New research published by the American Psychological Association suggests that adolescents who are bullied are more likely to experiment with substances than those who are not. This suggests that turning to substances may be a way of coping with negative feelings or finding a new peer group. In this light, many teenagers who choose to experiment with substances may believe that they are making a rational decision, as substance use may protect them from the emotional effects of bullying.  

Risk Factors for Targets of Bullying 

The study found that one of the most common types of bullying is related to appearance or weight, which are often things that teens have no control over, contributing to a sense of helplessness. 

“This type of bullying is incredibly common and has many negative effects for adolescents,” said lead study author Melanie Klinck, BA, a clinical research assistant at the University of Connecticut. “The combination of appearance-related teasing and the increased sensitivity to body image during adolescence may create a heightened risk for substance use.”

In this case, low self-esteem and body image issues may be mediating factors in the relationship between bullying and experimenting with substances.

Addressing Root Causes of Substance Use

In order to effectively address teen’s substance use, psychologists must look at the root causes of why they choose to experiment with substances. While it may be to make them feel good or different, there are usually deeper unmet needs that they are trying to meet at the same time, whether they are aware of them or not. 

For many teens struggling with substance use, they may use substances to give them “liquid courage” in social situations, to quiet thoughts of low self-esteem, or to distract them from body image issues. It is also common for teens to turn to substances to directly impact their appetite if they are struggling with their body image. Focusing on these issues rather than the behavior itself reduces urges to engage in substance use.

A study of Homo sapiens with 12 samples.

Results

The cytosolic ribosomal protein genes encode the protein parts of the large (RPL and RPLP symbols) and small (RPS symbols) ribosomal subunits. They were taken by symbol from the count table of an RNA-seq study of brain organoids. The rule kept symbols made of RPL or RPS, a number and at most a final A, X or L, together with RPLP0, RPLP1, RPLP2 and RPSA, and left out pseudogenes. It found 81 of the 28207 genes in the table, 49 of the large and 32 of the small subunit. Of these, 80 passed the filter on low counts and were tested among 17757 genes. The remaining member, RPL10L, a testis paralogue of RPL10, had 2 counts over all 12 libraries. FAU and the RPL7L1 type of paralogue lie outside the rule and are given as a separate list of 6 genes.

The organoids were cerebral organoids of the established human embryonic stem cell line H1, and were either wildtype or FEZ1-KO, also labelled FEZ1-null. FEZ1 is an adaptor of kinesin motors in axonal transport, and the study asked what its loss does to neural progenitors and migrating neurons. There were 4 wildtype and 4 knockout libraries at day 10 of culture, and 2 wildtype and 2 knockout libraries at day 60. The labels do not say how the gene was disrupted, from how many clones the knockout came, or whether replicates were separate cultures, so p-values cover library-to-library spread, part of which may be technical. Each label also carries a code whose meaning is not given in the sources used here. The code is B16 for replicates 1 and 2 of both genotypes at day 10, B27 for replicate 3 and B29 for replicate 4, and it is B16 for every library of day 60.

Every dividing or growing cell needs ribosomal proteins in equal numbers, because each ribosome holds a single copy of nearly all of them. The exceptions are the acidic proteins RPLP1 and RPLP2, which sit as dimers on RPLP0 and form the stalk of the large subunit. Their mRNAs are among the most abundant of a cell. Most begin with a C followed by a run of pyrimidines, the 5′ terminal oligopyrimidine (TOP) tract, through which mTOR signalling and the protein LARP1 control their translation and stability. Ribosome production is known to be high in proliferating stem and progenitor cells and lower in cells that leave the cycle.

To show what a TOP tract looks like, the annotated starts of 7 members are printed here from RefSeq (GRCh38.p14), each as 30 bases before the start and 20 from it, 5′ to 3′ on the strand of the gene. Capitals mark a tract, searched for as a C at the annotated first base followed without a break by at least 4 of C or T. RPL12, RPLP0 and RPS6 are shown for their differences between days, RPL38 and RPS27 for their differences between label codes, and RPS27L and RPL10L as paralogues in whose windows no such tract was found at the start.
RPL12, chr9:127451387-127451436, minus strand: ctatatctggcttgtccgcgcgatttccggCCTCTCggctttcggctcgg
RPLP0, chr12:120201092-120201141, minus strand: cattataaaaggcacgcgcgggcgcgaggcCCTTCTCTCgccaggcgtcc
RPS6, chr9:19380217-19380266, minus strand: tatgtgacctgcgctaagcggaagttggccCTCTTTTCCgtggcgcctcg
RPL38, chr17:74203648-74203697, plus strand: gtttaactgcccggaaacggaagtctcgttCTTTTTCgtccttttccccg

The Impact of Adventure Therapy on Teens

When therapeutic programs, like wilderness therapy, restrict access to substance use, it is necessary to focus on the layers that unravel around substance use in order to adequately prepare teens for relapse prevention. Adventure activities are therapeutic for teens struggling with substance use not only because they serve as alternative coping mechanisms for mental health struggles underlying substance use, but also because they directly improve one’s mental health. 

For example, trying a new activity and developing new skills can boost one’s self-esteem and becoming more physically active and recognizing one’s strength improves body image issues. This suggests that adventure therapy may actually reduce one’s risk of being bullied in the future, not just affect how they cope with bullying.

blueFire Wilderness Can Help

blueFire Wilderness Therapy is an adventure-based program for teens ages 11-17 who struggle with addictive behaviors. Wilderness therapy removes students from the distraction of peers, devices, and demands of life and allow them to heal in a supportive and nurturing environment. Students will be able to focus on themselves and become more aware of their behavior issues. blueFire gives them the skills and tools they need to combat these behaviors and be on their way to a happy and healthy life.

Contact us at 1-844-413-1999 for more information.